Setback for Yahoo's attempt to challenge Google


Yahoo has been forced to delay the introduction of a new advertising system that it hoped would help its Web search business fight back against the all-conquering Google.

The company's shares collapsed 13 per cent in after-hours trade in the minutes after news that advertisers would have to wait an additional three months, until almost the end of the year, before the new improved system is available.

By coming up with a more sophisticated system for matching users' search queries with relevant adverts, Yahoo had hoped to attract more revenue from advertisers. But quality testing with 175 of Yahoo's biggest advertisers has revealed that more work than expected is still left to do.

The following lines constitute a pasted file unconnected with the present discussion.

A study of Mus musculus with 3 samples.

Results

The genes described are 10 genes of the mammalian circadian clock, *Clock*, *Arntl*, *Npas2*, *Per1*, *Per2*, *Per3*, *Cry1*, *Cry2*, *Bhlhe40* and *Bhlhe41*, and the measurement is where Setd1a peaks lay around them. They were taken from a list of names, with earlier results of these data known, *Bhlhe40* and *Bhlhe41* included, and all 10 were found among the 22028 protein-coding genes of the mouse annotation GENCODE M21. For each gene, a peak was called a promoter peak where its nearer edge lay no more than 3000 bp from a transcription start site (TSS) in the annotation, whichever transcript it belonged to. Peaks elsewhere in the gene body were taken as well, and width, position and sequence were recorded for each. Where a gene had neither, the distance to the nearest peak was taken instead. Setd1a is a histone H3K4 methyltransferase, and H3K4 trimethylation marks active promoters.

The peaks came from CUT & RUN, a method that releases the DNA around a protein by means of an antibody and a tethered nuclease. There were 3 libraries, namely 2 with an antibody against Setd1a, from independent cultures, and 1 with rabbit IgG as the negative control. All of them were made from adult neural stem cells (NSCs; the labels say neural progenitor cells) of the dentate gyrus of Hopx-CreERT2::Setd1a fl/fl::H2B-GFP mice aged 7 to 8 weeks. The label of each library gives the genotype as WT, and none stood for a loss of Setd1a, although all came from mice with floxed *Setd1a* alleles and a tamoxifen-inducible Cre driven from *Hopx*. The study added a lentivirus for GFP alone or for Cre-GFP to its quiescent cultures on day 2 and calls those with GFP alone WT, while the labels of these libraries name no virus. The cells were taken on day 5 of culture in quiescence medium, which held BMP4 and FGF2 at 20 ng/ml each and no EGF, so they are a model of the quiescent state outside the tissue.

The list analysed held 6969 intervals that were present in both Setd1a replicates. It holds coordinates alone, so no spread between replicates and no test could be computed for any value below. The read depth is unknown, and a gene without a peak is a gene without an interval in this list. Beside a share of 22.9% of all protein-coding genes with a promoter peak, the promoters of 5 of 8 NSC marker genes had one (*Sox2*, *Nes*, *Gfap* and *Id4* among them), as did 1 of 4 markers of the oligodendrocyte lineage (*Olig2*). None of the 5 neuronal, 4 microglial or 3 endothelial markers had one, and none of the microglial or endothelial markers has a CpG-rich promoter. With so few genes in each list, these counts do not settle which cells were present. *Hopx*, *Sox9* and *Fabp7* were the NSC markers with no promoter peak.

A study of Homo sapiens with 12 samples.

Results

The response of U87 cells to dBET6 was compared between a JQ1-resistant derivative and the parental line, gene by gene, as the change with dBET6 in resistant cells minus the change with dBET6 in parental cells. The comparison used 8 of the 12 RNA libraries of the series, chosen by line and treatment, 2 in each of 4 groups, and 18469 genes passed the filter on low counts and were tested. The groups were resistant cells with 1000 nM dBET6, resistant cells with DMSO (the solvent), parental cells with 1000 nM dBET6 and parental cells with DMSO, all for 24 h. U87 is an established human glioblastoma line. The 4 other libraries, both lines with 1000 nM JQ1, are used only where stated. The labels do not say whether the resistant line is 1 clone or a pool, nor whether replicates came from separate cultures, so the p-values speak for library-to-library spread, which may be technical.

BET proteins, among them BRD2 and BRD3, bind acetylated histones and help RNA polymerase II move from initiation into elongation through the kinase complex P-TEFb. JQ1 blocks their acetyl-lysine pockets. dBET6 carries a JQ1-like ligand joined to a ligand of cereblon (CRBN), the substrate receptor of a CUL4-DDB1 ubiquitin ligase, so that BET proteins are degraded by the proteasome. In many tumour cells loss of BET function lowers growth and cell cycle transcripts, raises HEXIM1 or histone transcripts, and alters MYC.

The project to upgrade its system is codenamed Project Panama. Its delay was all the more unwelcome to investors because Yahoo admitted yesterday to disappointing revenues from advertising sold on its sites.

Search engines such as Google and Yahoo usually generate revenues only from adverts that users click on, so it is important that they match the most relevant ads to search queries, but Yahoo has long admitted that its systems are not as good as competitors'.

The company claims over 400 million internet users visit its websites or use its online services each month, and it has been winning market share for its search engine, in terms of queries. However, its share of revenues from search-based advertising has fallen against Google.

In the three months to the end of June, Yahoo's net revenue rose 28 per cent to $1.12bn, excluding the cost of acquiring advertising customers, but. Wall Street had been looking for $1.14bn on average. The company reaffirmed a $4.60bn-$4.85bn revenue target for 2006, when some analysts had already penciled in $5bn.